The conversation that was jump-started by Diane Warren is still simmering on Twitter and recently, Questlove chimed in with his take. We previously reported on Warren, a songwriter with an undeniable and unmatched legacy in the industry, questioning why 24 writers were needed on a track. She was seemingly referencing Beyoncé’s Renaissance album that hosts several samples throughout, causing the list of people credited to be lengthy as writers and producers of each track received recognition.
This is something that Warren is, expectedly, well-versed in as she has written for artists like Mariah Carey, Cher, Patti LaBelle, Ciara, and dozens of others who have taken over No. 1 spots on global charts.
Meanwhile, Questlove has added his voice to the discussion and brought up the controversy over “Blurred Lines,” which sparked a lawsuit by Marvin Gaye’s estate against Pharrell Williams and Robin Thicke. The artists lost the suit.
“In these post ‘Blurred Lines’ times you’re gonna see a lot of it,” said the musician. “I actually applaud her giving people a seat at the table who otherwise woulda NEVER been considered otherwise. Like she didn’t ‘have to’ credit the ‘Show Me Love’ crew but just outta respect she did them a solid.”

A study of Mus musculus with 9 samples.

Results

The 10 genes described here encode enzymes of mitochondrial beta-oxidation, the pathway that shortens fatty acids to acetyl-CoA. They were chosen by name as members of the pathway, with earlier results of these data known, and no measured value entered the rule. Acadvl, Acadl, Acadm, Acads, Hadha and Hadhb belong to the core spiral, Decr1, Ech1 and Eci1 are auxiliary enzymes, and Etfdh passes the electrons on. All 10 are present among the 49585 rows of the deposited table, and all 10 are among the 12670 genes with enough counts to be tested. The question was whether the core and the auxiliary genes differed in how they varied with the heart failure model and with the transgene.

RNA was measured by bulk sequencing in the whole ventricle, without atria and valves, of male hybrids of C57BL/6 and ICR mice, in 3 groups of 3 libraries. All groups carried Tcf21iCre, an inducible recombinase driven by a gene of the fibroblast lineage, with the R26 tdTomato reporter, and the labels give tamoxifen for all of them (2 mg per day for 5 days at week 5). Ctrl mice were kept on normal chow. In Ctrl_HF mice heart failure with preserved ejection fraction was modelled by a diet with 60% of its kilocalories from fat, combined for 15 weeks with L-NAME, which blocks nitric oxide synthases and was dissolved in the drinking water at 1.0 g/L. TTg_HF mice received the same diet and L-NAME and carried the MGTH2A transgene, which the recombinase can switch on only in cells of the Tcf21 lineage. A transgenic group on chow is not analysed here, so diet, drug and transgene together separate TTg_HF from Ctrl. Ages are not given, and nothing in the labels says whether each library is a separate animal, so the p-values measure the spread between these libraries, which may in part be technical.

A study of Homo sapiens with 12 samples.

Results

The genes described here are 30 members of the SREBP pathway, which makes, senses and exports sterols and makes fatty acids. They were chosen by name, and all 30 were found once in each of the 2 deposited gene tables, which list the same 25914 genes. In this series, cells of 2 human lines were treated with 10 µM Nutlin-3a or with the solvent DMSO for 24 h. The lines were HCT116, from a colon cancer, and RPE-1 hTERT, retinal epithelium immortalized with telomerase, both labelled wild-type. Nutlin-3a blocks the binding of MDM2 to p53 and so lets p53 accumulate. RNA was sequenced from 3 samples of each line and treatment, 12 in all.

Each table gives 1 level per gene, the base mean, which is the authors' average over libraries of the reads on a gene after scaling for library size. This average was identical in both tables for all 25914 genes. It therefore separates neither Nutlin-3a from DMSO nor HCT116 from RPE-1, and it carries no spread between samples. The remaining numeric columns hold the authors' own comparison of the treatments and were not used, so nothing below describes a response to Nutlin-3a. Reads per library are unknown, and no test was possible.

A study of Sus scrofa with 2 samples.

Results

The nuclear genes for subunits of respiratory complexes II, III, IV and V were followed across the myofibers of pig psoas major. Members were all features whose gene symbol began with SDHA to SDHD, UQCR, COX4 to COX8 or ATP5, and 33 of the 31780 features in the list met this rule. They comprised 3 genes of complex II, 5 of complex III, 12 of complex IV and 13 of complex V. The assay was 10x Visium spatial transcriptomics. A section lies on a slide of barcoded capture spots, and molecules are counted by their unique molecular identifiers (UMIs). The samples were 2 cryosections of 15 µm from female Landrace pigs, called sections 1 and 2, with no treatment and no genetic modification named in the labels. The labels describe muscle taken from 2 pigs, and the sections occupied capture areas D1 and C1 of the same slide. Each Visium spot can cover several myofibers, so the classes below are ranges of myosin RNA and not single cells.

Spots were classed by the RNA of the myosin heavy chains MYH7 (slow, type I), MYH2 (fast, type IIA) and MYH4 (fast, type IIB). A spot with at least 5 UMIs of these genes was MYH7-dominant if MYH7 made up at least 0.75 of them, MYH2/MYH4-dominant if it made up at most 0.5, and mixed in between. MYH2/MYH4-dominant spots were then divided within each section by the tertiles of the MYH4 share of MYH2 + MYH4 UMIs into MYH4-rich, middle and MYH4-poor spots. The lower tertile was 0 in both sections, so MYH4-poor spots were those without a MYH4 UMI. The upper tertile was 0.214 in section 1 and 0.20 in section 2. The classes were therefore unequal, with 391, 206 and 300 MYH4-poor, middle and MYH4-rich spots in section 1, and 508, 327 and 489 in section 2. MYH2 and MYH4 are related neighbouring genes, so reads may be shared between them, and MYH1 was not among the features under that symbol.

Someone told Quest that Beyoncé needed to add other names to her list of credits as well, and while he seemingly agreed, he also didn’t believe that people were targeting the right person.
“Yeah. Unfortunately the burden of industry rules shouldn’t be on Bey’s shoulder,” wrote Questlove. “I believe remixers should get credit for reimagining a song. And writers should get credit if they wrote a song (I get your point but both of those problems existed way before Bey came along.”
He added that he hopes Renaissance wins a Grammy “so all 400 participants” can get their moment in the sun. Check out the ongoing conversation below.